I have read these questions:
And specifically Anna V's and John Rennie's answers.
John Rennie says when a photon hits a mirror, it is absorbed and re-emitted.
Anna V says it is not absorption and re-emission but it is elastic scattering. She says in her comment to John Rennie's answer:
John, please look at this again, as it is a chosen answer. is not correct for a mirror. Absorption and re-emission would change the phases (the reemitting source would have random direction) and no images would be transmitted to the eye , to call it a mirror. It has to be elastic scattering for a mirror
She says that with absorption and re-emission the problem is, that the re-emitted photon can change direction and energy too, and so the phase of the photon will change too, and that is not a mirror image. Elastic scattering is the one that will keep the energy level of the photon and its phase too.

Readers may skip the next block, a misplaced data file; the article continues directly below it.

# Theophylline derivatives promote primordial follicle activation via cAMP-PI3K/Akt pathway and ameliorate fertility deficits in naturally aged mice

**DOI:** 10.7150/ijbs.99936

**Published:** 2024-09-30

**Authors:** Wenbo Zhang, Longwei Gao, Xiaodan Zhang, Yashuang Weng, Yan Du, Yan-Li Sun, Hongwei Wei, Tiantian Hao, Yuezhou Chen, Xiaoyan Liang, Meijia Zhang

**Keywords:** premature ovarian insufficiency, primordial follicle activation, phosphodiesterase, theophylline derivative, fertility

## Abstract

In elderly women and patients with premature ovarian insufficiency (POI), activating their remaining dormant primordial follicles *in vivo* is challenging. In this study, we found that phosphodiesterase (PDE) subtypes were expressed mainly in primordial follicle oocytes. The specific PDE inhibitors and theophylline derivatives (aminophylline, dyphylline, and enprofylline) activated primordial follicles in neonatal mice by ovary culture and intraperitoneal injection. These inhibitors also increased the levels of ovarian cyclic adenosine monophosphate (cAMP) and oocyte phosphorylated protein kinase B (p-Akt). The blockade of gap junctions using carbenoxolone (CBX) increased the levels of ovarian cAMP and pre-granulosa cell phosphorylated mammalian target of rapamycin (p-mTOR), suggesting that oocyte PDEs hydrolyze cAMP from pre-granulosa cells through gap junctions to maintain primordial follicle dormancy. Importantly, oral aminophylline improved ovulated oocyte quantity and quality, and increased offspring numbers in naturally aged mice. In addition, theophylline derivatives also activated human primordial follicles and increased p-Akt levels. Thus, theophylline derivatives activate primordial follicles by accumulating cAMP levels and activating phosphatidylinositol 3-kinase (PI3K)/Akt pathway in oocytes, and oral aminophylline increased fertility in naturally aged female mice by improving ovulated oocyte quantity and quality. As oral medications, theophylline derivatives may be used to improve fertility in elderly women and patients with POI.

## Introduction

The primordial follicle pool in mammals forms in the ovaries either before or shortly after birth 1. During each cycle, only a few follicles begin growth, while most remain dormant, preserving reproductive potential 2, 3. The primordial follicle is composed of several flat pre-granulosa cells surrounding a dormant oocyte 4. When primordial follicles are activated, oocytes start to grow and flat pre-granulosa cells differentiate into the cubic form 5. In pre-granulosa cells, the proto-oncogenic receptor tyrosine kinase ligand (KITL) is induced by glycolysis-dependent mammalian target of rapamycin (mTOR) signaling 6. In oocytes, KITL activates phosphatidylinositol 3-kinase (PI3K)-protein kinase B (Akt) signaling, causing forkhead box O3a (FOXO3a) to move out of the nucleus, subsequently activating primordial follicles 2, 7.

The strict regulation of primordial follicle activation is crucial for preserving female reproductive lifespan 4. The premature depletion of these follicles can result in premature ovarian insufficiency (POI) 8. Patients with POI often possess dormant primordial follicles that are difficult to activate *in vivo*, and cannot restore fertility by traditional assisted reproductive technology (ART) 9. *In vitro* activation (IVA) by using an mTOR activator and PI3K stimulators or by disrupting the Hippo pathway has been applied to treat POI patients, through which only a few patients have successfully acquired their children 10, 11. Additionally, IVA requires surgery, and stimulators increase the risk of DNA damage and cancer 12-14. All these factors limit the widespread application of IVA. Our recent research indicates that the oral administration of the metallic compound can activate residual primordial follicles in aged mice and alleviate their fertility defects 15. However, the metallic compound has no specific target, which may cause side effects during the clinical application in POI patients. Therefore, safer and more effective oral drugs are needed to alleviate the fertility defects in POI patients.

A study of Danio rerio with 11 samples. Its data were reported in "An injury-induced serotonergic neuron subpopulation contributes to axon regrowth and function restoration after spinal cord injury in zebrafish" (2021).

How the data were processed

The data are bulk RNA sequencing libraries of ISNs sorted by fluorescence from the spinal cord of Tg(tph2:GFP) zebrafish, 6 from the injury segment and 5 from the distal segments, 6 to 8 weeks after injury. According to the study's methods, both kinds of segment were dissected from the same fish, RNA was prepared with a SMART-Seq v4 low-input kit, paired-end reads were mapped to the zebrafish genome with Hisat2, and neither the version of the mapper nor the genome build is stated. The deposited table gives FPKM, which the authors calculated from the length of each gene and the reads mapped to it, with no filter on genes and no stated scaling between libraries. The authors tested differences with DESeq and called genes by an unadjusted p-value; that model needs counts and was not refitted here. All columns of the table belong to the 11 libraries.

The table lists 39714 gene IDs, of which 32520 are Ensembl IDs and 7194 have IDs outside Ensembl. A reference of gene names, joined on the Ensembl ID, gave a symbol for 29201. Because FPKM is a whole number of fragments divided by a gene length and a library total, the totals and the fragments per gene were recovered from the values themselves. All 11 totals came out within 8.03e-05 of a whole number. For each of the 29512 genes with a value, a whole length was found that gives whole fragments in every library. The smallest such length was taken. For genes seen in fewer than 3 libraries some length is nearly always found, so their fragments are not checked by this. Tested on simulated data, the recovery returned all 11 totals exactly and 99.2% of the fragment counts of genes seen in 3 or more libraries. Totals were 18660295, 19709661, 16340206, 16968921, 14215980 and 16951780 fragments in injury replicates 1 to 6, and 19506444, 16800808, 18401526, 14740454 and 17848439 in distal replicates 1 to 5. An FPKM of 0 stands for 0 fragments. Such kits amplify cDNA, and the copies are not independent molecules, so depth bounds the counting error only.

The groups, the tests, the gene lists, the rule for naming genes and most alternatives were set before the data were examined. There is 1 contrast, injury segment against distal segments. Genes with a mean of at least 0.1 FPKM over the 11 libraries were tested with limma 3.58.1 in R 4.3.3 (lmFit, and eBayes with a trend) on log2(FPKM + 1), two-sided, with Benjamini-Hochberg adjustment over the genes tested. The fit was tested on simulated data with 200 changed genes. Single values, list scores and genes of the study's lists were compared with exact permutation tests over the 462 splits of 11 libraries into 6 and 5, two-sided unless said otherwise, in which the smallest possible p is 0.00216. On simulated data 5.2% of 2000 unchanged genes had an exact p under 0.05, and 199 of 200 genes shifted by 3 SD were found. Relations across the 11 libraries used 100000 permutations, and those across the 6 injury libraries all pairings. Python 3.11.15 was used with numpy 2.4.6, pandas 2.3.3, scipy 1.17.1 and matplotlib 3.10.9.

re-emitted photon can change both direction and energy with respect to the originating one, and the originating one loses energy, i.e. changes frequency. If it is reflected, it of course goes with velocity c (as all photons) whatever its direction (elastic scattering means only change of direction and not energy).
So there can be two cases here:
When a photon hits a mirror, the photon gets absorbed and re-emitted.
There is no absorption and re-emission, but only elastic scattering (Rayleigh).
None of these answers give an explanation to what happens when a photon hits a mirror.
- Which one of the two is it when a photon hits a mirror?